Third disgrace: Sacramento Islamic organization reveals third area hate crime in June

Police are still investigating whether rash of anti-Islamic crimes are connected

This is an expanded version of a story that ran in the July 20, 2017, issue.

Just days after two area mosques were vandalized last month, the local chapter of the Council on American-Islamic Relations was also targeted, SN&R learned this week.

The incident happened June 28. According to Basim Elkarra, executive director of CAIR-Sacramento Valley, his organization received a FedEx package. When CAIR employees opened it, they found a sealed plastic food container omitting a strange odor. They cracked it to discover a Quran stuffed in pork lard.

“Sacramento police came out and took the package, because we didn’t know exactly what was in there,” Elkarra said. “They took it to get fingerprints.”

Elkarra later learned that the sender had scrawled menacing and hateful messages inside the actual pages of the Quran, too.

CAIR officials said a FedEx tracking number indicates the package was sent from Missouri City, Texas. The region’s CAIR office recently moved to rented office space in SN&R headquarters, a fact it hadn’t publicized but is stated on its website. The FedEx package initially went to CAIR’s old office before getting forwarded to its new address.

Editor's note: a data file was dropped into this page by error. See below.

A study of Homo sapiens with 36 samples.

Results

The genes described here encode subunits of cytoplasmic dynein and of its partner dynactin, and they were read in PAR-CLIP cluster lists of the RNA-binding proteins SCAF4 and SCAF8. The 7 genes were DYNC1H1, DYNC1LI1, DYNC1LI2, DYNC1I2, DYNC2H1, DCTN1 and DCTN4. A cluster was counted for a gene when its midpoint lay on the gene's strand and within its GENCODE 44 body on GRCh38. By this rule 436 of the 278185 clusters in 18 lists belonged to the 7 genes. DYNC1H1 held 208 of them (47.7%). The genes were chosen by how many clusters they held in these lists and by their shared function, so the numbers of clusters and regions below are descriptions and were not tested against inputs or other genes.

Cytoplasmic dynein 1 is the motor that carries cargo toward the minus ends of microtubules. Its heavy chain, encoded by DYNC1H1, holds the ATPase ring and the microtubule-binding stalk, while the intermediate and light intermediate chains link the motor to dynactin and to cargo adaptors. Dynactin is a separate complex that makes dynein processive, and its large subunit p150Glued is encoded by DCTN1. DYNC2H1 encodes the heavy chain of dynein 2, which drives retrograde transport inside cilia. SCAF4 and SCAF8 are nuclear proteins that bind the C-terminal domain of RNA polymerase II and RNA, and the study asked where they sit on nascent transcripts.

The incident followed two still-unsolved anti-Islamic crimes in the Sacramento region on June 24. The first incident occurred at the Masjid Annur Islamic Center in South Sacramento and involved burning bacon being handcuffed to a cyclone fence. Later that day, a Quran was found torn to pieces at the Islamic Center of Davis, which had also experienced hate crimes the year before.

Sacramento County sheriff’s Sgt. Tony Turnbull told SN&R that all hate crimes directed at houses of worship in the region are monitored by the FBI and Regional Terror Threat Assessment Center.

CAIR-Sacramento Valley denounced both crimes in June, and Elkarra said that publicity might be what brought his office to the attention of someone in Texas. When his own staff was targeted, Elkarra held back on alerting the press because it works for a nonprofit rather than a house of worship. Asked about the experience this week, Elkarra said his organization won’t be intimidated into losing sight of its goal to have a positive effect in the community.

“It’s disappointing that people have so much hate,” he said. “We’re more upset they’re wasting food than anything. We rather them give it to the less fortunate.”